Opportunities for State Medicaid Reform
Thursday, September 28, 2006
by John C. Goodman, Michael Bond, Devon M. Herrick, and Pamela Villarreal
Table of Contents
- Executive Summary
- How Medicaid works
- What Difference Does Medicaid Make?
- Comparing Medicaid Costs among States
- Federal Waivers for Medicaid Reform
- Common-Sense Reforms
- Private-Sector Alternatives to Medicaid
- Consumer-Driven Health Care
- Paying for Long-Term Care
- How the Federal Government Can Help
- About the Authors
About the Authors
John C. Goodman is the founder and president of the National Center for Policy Analysis. The National Journal recently dubbed him the "Father of Health Savings Accounts," and he has pioneered research in consumer-driven health care.
Dr. Goodman is the author/coauthor of eight books and more than 50 published studies on health care policy and other topics. He received a Doctor of Philosophy degree in economics from Columbia University. He has taught and done research at several colleges and universities including Columbia University, Stanford University, Dartmouth University, Southern Methodist University and the University of Dallas.
Michael Bond is Director of the Center for Health Care Policy at the Buckeye Institute and a professor in the Department of Finance at Cleveland State University. His work on Medical Savings Accounts (MSAs) and health-care policy reform has received national attention and appeared in a wide range of professional and popular publications, including Health Care Financial Management, Public Personnel Management, Compensation and Benefits Review, Benefits Quarterly and Business Horizons. He is the author of the nation's first practical guide to establishing MSAs (published by the Buckeye Institute in 1997). He earned his Doctor of Philosophy degree and Master of Arts degree in economics from Case Western Reserve University.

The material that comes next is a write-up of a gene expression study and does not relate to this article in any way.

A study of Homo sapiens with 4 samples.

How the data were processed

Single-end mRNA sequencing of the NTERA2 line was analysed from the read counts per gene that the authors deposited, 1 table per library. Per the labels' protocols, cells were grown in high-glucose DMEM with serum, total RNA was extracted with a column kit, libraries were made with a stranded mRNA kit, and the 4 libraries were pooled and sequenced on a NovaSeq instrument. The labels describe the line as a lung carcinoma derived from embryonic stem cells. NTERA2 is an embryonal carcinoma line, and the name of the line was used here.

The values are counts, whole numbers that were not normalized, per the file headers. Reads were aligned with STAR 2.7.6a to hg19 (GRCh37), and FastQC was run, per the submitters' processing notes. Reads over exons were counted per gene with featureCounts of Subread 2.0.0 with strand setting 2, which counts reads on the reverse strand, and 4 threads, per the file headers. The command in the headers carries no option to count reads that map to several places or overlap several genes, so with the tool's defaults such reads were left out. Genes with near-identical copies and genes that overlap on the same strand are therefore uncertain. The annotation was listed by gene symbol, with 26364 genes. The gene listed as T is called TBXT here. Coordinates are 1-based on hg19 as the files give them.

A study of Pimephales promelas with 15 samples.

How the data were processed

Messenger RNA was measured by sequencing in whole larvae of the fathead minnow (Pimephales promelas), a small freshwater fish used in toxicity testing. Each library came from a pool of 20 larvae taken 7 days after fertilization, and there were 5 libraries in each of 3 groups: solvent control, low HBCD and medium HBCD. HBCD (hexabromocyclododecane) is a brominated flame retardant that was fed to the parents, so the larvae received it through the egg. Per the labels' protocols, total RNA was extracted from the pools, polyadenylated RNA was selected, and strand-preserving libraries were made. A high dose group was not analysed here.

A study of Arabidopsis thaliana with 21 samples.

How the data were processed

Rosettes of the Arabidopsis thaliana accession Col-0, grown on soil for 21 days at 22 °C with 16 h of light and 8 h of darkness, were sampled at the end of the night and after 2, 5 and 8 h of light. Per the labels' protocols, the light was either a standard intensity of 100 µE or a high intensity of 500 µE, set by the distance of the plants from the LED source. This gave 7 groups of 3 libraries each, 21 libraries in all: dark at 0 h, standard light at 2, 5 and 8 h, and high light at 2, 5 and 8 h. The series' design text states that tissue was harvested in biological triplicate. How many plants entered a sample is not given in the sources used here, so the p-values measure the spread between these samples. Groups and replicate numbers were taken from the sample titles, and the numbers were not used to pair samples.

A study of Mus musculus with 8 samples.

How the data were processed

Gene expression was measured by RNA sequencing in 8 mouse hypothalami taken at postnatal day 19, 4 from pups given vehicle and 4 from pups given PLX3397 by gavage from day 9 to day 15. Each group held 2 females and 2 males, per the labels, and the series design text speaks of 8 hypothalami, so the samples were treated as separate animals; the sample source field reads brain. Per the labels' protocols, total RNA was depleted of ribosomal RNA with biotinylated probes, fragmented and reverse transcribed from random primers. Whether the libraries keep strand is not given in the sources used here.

Devon Herrick is a senior fellow with the National Center for Policy Analysis. He concentrates on such health care issues as Internet-based medicine, health insurance and the uninsured, and pharmaceutical drug issues. His research interests also include managed care, patient empowerment, medical privacy and technology-related issues.
Herrick received a Doctor of Philosophy degree in Political Economy and a Master of Public Affairs degree from the University of Texas at Dallas with a concentration in economic development. He also holds an Master of Business Administration degree with a concentration in finance from Oklahoma City University and an Master of Business Administration degree from Amber University, as well as a Bachelor of Science degree in Accounting from the University of Central Oklahoma.
Pamela Villarreal is a graduate student fellow at the National Center for Policy Analysis. She received a Bachelor of Science in Economics degree from the University of Texas at Dallas in 2003, and a Master of Science in Applied Economics degree in the summer of 2006. Ms. Villarreal has authored or coauthored a number of NCPA publications on such diverse topics as the estate tax, big-box retailers and aid for Hurricane Katrina evacuees.
She is currently pursuing a doctorate in public policy and political economy from the University of Texas at Dallas.